Ricco Idolizes Pantani, Not Doping Claims
Riccardo Ricco' has asked to be left alone following days of reports in the French media which claim he could be among several cyclists to be targeted by the anti-doping authorities. Ricco claimed a second victory at the Tour de France inside four days here on Sunday when he triumphed on the mammoth 224km ninth stage, the first of three to be held in the Pyrenees.
But the 24-year-old Italian, who cites the late Marco Pantani as his idol. said he is getting sick and tired of reports in the French media claiming he is one of several riders to have aroused suspicion at the French Anti-Doping body (AFLD) which is carrying out all the doping controls at the race. "I'm not angry. I'm just disappointed," Ricco said of the reports following his victory on the ninth stage which took in two first category climbs. "I know I have nothing to worry about. My blood values are high, but for me they are totally normal because I've had them since I was a child." In fact, in 2005, Ricco' had special testing at a UCI accredited lab in Lausanne, Switzerland in order to obtain a special certificate from the UCI before he could obtain a professional cycling license. However, one downside of the AFLD doping testing at the Tour De France is that the French authorities are not in possession of the special UCI certificate and it's medical test information and so may be extra suspicious of Ricco' and other riders with this kind of documentation.
"The International Cycling Union (UCI) know that and I have a certificate from the UCI to prove that they are naturally high." Ricco reportedly has a naturally high haematocrit level of 51, meaning the volume of oxygen-rich red blood cells in his blood is higher than the norm. In 1999, the UCI introduced a 'legal' limit of 50, after many cyclists and endurance athletes were found to be using the banned blood booster EPO (erythropoietin) in dangerous proportions. EPO and other blood boosting drugs increase the volume of red blood cells, pumping more oxygen into the blood and therefore allowing athletes to work harder and longer.
Haematocrit is widely cited as the principal parameter measured in doping analyses, although scientists now also look at other readings such as haemoglobin (an oxygen-carrying protein in red blood cells), reticulocytes (young blood cells) and by employing the 'off-score' test. The off-score test has become a crucial weapon in the anti-doping armoury which takes into account both mean (or average) levels of haemoglobin and reticulocytes.Evans Bounces Back For Stage 10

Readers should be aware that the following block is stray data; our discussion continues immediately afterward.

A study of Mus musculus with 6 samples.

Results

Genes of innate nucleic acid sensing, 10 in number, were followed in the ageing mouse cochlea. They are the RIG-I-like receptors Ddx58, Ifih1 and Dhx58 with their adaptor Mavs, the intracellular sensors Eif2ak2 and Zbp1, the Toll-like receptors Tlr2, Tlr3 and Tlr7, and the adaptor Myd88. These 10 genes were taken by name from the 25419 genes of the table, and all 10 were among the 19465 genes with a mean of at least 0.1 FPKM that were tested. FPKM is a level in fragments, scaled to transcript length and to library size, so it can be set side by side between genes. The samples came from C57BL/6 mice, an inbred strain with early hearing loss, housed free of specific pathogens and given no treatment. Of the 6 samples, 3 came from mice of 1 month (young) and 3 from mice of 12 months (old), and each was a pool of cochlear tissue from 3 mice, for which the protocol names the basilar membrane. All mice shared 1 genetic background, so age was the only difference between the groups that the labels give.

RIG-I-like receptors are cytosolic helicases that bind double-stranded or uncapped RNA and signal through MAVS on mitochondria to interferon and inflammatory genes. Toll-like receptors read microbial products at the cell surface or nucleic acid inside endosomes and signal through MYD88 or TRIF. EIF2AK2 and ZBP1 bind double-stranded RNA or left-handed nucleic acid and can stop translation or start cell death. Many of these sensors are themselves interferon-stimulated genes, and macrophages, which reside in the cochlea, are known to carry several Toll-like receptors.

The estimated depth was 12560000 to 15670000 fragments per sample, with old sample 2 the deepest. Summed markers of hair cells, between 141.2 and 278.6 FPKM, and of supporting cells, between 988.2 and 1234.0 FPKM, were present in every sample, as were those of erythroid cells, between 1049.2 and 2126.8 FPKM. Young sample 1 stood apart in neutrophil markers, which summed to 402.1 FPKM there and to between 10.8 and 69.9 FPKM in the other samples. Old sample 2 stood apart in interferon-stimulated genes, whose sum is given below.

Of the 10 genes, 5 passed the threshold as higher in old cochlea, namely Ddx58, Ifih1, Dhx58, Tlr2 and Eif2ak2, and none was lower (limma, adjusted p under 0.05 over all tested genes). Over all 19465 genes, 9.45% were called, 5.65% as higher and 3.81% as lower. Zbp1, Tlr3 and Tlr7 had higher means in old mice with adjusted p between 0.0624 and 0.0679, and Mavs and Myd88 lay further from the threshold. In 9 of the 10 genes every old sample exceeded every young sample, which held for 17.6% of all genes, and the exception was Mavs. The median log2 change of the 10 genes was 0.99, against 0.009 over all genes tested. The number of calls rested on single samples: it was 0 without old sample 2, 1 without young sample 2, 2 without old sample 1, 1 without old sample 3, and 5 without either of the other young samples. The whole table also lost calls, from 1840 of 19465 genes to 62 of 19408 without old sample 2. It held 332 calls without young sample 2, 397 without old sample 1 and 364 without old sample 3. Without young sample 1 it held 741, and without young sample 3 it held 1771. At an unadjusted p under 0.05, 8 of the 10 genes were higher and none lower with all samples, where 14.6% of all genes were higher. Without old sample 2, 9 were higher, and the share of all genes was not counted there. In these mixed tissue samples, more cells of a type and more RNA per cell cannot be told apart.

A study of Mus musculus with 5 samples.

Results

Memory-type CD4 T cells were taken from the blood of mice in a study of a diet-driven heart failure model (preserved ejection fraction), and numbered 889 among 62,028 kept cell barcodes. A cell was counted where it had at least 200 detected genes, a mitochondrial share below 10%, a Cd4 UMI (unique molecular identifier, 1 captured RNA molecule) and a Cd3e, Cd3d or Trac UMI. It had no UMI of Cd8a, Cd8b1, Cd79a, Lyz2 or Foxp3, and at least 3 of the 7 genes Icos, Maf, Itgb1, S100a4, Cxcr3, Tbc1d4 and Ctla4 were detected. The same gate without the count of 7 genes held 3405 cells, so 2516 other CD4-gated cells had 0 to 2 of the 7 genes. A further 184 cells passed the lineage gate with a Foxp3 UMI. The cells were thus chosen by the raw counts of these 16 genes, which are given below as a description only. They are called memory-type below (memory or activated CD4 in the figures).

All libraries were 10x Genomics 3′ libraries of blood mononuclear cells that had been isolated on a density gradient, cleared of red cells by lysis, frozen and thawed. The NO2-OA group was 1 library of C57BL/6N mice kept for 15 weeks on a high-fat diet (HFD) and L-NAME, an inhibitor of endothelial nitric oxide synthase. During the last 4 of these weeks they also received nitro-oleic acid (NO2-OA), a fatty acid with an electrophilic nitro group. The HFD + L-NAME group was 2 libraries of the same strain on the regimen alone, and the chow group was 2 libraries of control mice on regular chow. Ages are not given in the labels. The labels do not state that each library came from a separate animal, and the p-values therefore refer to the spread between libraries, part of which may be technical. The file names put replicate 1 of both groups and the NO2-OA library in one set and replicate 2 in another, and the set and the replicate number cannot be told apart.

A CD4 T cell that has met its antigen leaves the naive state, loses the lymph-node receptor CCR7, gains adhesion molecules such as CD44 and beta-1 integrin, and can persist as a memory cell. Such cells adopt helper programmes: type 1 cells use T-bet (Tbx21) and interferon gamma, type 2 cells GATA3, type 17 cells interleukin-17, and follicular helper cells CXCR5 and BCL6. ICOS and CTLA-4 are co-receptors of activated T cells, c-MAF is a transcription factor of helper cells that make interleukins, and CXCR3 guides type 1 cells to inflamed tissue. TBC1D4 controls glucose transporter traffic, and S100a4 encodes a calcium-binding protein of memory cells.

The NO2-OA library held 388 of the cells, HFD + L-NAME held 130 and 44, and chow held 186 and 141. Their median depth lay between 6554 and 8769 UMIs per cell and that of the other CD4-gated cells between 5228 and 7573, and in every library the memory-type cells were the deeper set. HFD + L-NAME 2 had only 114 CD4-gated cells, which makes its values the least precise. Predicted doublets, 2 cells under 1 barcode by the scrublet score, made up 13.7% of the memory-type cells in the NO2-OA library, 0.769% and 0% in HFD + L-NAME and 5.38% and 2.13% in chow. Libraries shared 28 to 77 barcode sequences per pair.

After his close call crash on Stage 9, Tour favorite Cadel Evans (Silence-Lotto) explained before Stage 10 "After the crash yesterday, I got a quick bike change; my mechanic did a great job and my teammates were really good. There was no panic after the crash and once we got going again, Robbie McEwen went back to the doctor's car to tell him I was bleeding all over my left arm and I had a big headache. I was really glad I was wearing a helmet! I was broken in three pieces and that made me realize how important it is to be careful. It's a good idea to tell everyone to remember to be careful on your bike and always wear your helmet!"
Cadel Evans Silence-Lotto team director Roberto Damiani told Italian TV via telephone during the early phases of Stage 10 "Cadel is doing OK today. He's relaxed and slept well last night despite the injuries to his left side. His worst part is that he hit his left shoulder, where he's broken his collarbone three times and we're lucky he didn't break anything." Damiani explained what happened in the Stage 9 crash, saying "there was a left-hand turn downhill and Euskaltel went wide. Cadel was behind and his front wheel slid out on some sand and he fell hard at about 60km/hr. He hit the ground hard but it worked out OK. After the stage, Cadel showed his real character because he called all the guys together and told them he was OK and to focus on winning the Tour. That is what kind of rider he is." Tour Jitters Strike Hard Before Stage 10
As the terrible Stage 10 loomed for the Tour De France peloton this morning in Pau, nerves and jitters were the order of the pre-stage morning. At CSC-Saxo Bank, there were reportedly bad vibes between team leader Carlos Sastre and the Schleck Brothers. It seems that Sastre was upset that when Ricco' attacked Sunday on the Col d'Aspin, none of his teammates, particularly the Schlecks, tried to cover the move of
the flying Italian. Although Sastre is the CSC-Saxo Bank leader, it seems that the ambitions of the Schleck Brothers may be bigger than previously thought at the 2008 Tour. At Columbia, Maillot Jaune "Grim" Kim Kirchen had a particularly sour look on his face before the start of Stage 10. Kirchen had a bad day on Stage 9 and his team imploded, leaving the Maillot Jaune all alone on the day's final climb. If Kirchen has another bad day on Stage 10, it's au revoir Maillot Jaune for the 30 year old Luxemburger.